Our nervous systems are finely tuned to detect fear, a crucial survival mechanism alerting us to potential danger. (CREDIT: Creative Commons)


Our nervous systems are finely tuned to detect fear, a crucial survival mechanism alerting us to potential danger. Whether it's the rustle of leaves in the night or the menacing growl of an approaching predator, fear prompts us to stay vigilant and steer clear of harm.


However, when fear arises without any real threat, it can become detrimental to our well-being. Individuals who have undergone severe or life-threatening stress may find themselves experiencing intense fear even in safe situations.


 
 

This broadening of fear responses can have serious psychological consequences, potentially leading to long-term mental health conditions such as post-traumatic stress disorder (PTSD).


New research published in Science identifies the brain biochemistry and neural circuitry that cause generalized fear experiences. Here, neurons are shown in cyan and retrograde tracers shown in yellow and magenta. (CREDIT: Spitzer Lab, UC San Diego)


Until recently, the underlying mechanisms driving this phenomenon have largely remained a mystery. However, neurobiologists from the University of California San Diego have made significant strides in unraveling these mysteries. Their findings, published in the journal Science, shed new light on the biochemical changes in the brain and the neural pathways responsible for generalized fear responses.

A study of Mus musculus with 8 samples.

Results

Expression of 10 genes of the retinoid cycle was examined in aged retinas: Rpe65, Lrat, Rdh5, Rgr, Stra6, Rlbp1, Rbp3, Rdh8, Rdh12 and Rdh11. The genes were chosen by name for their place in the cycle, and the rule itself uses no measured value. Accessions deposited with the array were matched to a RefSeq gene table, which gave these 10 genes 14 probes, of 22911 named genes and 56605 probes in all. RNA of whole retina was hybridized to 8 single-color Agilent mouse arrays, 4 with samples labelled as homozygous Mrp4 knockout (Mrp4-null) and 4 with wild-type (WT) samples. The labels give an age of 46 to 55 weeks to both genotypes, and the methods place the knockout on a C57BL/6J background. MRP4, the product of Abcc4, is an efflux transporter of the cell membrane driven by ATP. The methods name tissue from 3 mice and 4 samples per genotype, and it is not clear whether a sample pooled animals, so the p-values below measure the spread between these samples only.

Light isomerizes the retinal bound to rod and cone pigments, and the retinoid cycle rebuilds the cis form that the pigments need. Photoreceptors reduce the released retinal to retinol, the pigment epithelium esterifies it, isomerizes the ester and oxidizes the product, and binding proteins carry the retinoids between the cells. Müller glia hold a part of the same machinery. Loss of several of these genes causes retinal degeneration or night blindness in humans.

Former UC San Diego Assistant Project Scientist, Hui-quan Li, now a senior scientist at Neurocrine Biosciences, along with Atkinson Family Distinguished Professor Nick Spitzer and their team, delved into the research behind identifying the neurotransmitters — chemical messengers facilitating communication between neurons — underlying stress-induced generalized fear.


Their investigation focused on the dorsal raphe, a region in the brainstem, using mice as models. They discovered that acute stress triggered a shift in the chemical signals within neurons, transitioning from excitatory "glutamate" to inhibitory "GABA" neurotransmitters, ultimately leading to generalized fear responses.


 



Understanding these processes at a molecular level allows for targeted interventions to address related disorders."


 
 

Expanding on their discovery of neurotransmitter switches induced by stress, which represent a form of brain plasticity, the researchers examined postmortem human brains of PTSD sufferers. Confirming their findings, they observed a similar shift from glutamate to GABA neurotransmitters in these brains.


The dorsal raphe area of the brain is imaged using confocal microscopy. (CREDIT: Spitzer Lab, UC San Diego)


To combat generalized fear, the researchers devised interventions. By suppressing the gene responsible for GABA synthesis in the dorsal raphe of mice prior to stress exposure, they prevented the onset of generalized fear. Additionally, administering the antidepressant fluoxetine (Prozac) immediately after a stressful event prevented the neurotransmitter switch and subsequent fear response.


 
 

In addition to identifying the specific neurons responsible for the transmitter switch, the researchers also mapped out their connections to brain regions such as the central amygdala and lateral hypothalamus, previously implicated in fear responses.


(LEFT) Study first author Hui-quan Li, (RIGHT) Professor Nick Spitzer. (CREDIT: Spitzer Lab, UC San Diego)


Professor Spitzer concluded, "Now that we understand the core mechanism driving stress-induced fear and the associated circuitry, interventions can be targeted and precise."


 
 

This groundbreaking research offers hope for mitigating the debilitating effects of generalized fear induced by stress, potentially paving the way for more effective treatments for conditions like PTSD.






For more science news stories check out our New Innovations section at The Brighter Side of News.


 

Note: Materials provided above by The Brighter Side of News. Content may be edited for style and length.